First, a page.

Orwell? Really? He wouldn’t participate in a system of financial tyranny. She seems to be using her observations for commercial gain, not for critiquing the system.”

said one of them, while another one quoted, slightly off-beam, from The Devil’s Dictionary, a long time personal favourite:

I give you the late, great Ambrose Bierce, “Corporation; noun. An ingenious devise for obtaining individual profit without personal risk.”

Rittenhouse’s argument is interesting, however. The eponymous Rittenhouse Rankings (their website is here) evaluates corporate rankings for ‘candour’ – an approach described in a strategy-business.com blog:

Adapting techniques used by forensic investigators and SEC analysts to determine whether someone is telling the truth, the system awards points for words, phrases, and linguistic patterns that indicate transparency.”

The FOG in the YouTube video title should not be confused with the Gunning Fog index, a readability matrix designed to measure ease or difficulty that calculates the years of education required to comprehend a text. (One assumes most authors of CEO’s annual letters and the like have paid attention in class.) To quote Rittenhouse’s own definition:

“fact-deficient, obfuscating generalities”––clichés, jargon, incomplete explanations, euphemisms, platitudes, and contradictory statements.”

It is, of course, the kind of thing it’s hard to disapprove of. Many corporate communications may pass the Gunning Fog test with flying colours, but remain ‘difficult to read’ in a very different sense: the sentences make grammatical sense, but their meaning is either hard to swallow (as it’s difficult to believe) or absent (as it’s surprisingly easy to use 1000 words or more to say almost nothing).

The strategy-business blog also explains her reasoning as well as her methodology: investors – and they are not the only ‘sinners’ in this context – are prone to placing huge value (literally, in the case of investors) on ‘the numbers’. They typically argue that the numbers cannot lie, a stance Rittenhouse contests on the grounds that numbers may be precise but precision is not the same as accuracy or truth. Numbers, just as words, are interpreted as much as they are read. Books are easily cooked. Where this happens, the investors’ geese are metaphorically served as the second course, and there are swift complaints about the sour taste.  Although FOG can be malignant in intent – obscuring reality through a lack of clear content – it can sometimes be benign, hackneyed phrases or ‘business speak’ seeking to explain much but conveying little. Neither deliver much by way of charm or engagement, although the latter ‘fails’ early and in a minor way while the former ‘fails’ on a much more significant level but only when the ‘truth’ is revealed to the audience by other channels.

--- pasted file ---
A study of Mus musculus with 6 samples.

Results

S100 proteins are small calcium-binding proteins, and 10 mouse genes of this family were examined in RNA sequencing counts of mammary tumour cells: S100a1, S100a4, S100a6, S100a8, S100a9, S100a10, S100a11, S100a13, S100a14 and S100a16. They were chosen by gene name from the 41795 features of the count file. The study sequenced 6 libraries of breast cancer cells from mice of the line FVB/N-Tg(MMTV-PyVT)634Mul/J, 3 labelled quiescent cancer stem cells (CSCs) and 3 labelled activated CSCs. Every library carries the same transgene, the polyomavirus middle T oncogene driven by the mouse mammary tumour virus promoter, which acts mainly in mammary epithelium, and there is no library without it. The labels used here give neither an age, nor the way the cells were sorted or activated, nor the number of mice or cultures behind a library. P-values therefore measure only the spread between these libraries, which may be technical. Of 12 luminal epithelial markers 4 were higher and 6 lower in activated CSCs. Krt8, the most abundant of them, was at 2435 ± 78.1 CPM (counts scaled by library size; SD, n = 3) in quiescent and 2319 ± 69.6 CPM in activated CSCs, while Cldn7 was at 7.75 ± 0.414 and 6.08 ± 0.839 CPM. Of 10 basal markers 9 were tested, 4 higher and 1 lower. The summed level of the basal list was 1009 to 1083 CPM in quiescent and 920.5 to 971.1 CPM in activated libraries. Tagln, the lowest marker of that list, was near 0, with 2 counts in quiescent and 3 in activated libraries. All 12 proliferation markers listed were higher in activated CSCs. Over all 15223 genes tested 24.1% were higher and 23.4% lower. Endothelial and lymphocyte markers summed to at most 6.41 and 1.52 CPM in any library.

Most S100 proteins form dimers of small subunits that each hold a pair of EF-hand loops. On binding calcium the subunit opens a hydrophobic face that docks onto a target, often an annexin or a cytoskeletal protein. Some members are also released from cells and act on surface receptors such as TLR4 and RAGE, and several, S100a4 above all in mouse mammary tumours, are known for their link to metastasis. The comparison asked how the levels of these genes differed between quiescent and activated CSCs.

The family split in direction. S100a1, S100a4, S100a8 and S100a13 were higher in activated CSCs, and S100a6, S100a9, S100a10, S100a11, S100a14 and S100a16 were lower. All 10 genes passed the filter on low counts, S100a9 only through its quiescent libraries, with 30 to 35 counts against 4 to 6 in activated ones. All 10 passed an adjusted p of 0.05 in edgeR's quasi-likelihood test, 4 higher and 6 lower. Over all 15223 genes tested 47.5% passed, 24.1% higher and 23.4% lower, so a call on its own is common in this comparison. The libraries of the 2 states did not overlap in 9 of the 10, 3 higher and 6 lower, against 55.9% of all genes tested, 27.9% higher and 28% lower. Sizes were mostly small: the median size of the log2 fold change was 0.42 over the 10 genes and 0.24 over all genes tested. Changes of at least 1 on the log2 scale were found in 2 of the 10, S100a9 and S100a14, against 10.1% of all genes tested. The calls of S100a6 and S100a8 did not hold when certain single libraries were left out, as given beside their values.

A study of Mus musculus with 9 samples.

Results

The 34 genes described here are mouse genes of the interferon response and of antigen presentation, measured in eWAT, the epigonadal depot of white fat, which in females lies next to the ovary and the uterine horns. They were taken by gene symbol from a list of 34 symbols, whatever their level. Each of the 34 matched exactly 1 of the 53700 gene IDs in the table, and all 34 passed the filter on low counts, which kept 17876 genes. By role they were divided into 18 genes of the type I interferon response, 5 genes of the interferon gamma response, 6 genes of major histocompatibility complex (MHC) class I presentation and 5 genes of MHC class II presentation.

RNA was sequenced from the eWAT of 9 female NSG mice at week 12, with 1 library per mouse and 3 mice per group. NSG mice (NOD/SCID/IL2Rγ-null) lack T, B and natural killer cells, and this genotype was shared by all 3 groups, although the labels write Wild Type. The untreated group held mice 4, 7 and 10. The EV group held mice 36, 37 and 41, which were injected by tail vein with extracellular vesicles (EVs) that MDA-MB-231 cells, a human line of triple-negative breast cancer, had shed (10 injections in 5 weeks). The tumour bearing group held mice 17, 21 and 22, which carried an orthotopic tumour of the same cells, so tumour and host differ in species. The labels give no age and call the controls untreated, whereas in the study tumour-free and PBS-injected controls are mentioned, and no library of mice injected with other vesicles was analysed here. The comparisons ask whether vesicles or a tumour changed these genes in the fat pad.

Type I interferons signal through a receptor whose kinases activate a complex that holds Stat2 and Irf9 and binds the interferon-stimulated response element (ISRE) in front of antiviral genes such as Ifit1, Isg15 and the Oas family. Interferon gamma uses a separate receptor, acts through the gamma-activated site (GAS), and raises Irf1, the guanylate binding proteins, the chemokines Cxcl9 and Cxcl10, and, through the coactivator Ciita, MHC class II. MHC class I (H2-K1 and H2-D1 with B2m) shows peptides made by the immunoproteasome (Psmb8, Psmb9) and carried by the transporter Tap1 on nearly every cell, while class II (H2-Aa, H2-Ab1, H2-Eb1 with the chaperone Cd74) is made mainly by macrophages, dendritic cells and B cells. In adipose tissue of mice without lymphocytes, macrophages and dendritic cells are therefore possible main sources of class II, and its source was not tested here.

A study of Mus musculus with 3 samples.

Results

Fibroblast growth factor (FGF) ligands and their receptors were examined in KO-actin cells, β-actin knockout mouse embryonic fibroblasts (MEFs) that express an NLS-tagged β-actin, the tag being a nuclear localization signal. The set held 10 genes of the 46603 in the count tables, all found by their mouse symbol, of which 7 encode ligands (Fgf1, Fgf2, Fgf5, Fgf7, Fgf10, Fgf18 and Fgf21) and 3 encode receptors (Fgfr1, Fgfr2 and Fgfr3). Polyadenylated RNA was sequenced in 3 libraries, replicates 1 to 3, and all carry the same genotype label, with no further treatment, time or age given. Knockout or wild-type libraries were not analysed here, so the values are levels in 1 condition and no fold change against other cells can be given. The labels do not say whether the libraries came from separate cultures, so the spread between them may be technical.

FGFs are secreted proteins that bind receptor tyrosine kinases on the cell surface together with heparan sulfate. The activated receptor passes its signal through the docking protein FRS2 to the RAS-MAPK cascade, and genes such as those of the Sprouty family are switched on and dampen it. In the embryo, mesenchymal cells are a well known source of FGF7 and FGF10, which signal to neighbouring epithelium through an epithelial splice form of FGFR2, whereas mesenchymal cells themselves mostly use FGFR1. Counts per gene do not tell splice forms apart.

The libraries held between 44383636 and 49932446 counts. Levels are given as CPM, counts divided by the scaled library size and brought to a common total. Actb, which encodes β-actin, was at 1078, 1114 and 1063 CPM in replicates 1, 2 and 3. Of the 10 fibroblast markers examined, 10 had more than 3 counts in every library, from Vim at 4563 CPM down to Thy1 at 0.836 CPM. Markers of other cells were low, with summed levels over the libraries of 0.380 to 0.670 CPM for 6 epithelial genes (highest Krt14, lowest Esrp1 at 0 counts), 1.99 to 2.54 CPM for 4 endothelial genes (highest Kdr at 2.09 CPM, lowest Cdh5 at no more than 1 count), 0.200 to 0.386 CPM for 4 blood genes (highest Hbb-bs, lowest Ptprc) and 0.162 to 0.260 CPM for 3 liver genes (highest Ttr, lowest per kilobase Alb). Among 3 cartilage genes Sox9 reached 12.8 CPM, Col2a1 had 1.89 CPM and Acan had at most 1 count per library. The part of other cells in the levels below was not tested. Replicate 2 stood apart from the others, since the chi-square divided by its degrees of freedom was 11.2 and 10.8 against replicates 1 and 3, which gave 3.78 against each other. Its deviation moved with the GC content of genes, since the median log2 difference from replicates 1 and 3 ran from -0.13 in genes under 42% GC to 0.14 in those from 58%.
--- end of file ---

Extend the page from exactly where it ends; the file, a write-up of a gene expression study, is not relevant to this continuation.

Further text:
Rittenhouse’s charts and blog posts, tracking the candor analysis rankings of top companies against their performance, makes for interesting reading and is often persuasive. It’s also interesting to see recent moves in the rankings: Google are plummeting in recent times, while 3M are travelling in a more positive direction.

And yet, and yet … while Rittenhouse sees an important link between language and culture, to quote from the Strategy + Business blog again:

As Rittenhouse notes, analyzing the conversation in a company is the best way to understand its culture and assess its capacity to inspire trust –– among investors, the public, customers, clients, and employees.”

Wherein lies my first objection. After Enron, and especially after 2008 – and the way that ‘no-one saw it coming’ (see an earlier post about HRH Elizabeth II’s astute response to this) – I think we’re all aware that numbers can be spun. But surely the idea that words might be immune to a little garnishing and titivation hasn’t escaped us? In a world awash with advertising, it would be bizarre, surely? (If you’d like to imagine it, try watching The Invention of Lying.) Any analytic approach that ventures beyond the merely qualitative is worth applauding: language adds a nuance that numbers fundamentally can’t support. But we need to be alert to the effect that the words offer their own interpretation of the numbers, and are an attempt to persuade a particular reading. That’s not necessarily evil – it’s just why the words get written.

The bigger objection was also raised – at least in one context – by another YouTube commentor.

But Rittenhouse, you haven’t shown that straight-talk causes business success.

Success and candor correlating might as well mean that businesses that do well will use candor and ones that don’t will try to obfuscate the fact that they don’t. Or it might mean both are caused by a third factor.

To take correlation as straight-up causation without even so much as considering which way the causation goes is to make an elementary logical error. Is this big thinking?”

While this doesn’t translate as ‘you might as well waffle and lie, because it doesn’t matter’, there’s another ‘cause and effect’ issue here too, and it’s the relationship between language and culture. There’s more to disinfecting a toxic culture than avoiding clichés and adjectives, and the route from one to the other is often nebulous and hard to prove. But there is an important factor that is raised in the article’s final paragraph: trust.

Because culture change always challenges trust, using boilerplate or jargon to try to effect it will inevitably undermine the effort. Candid language offers a better path.”

As a writer/communicator, I am wondering if I am looking at the obverse of a poet reading a spreadsheet – an investor analyst analysing language. Lies can – and have – been told down the years in clear, plain prose: beyond a grasp of syntax, all that is required is a cold heart and matching intent. Candid language is something we can all cheer on, but is truthful language actually what we’re after?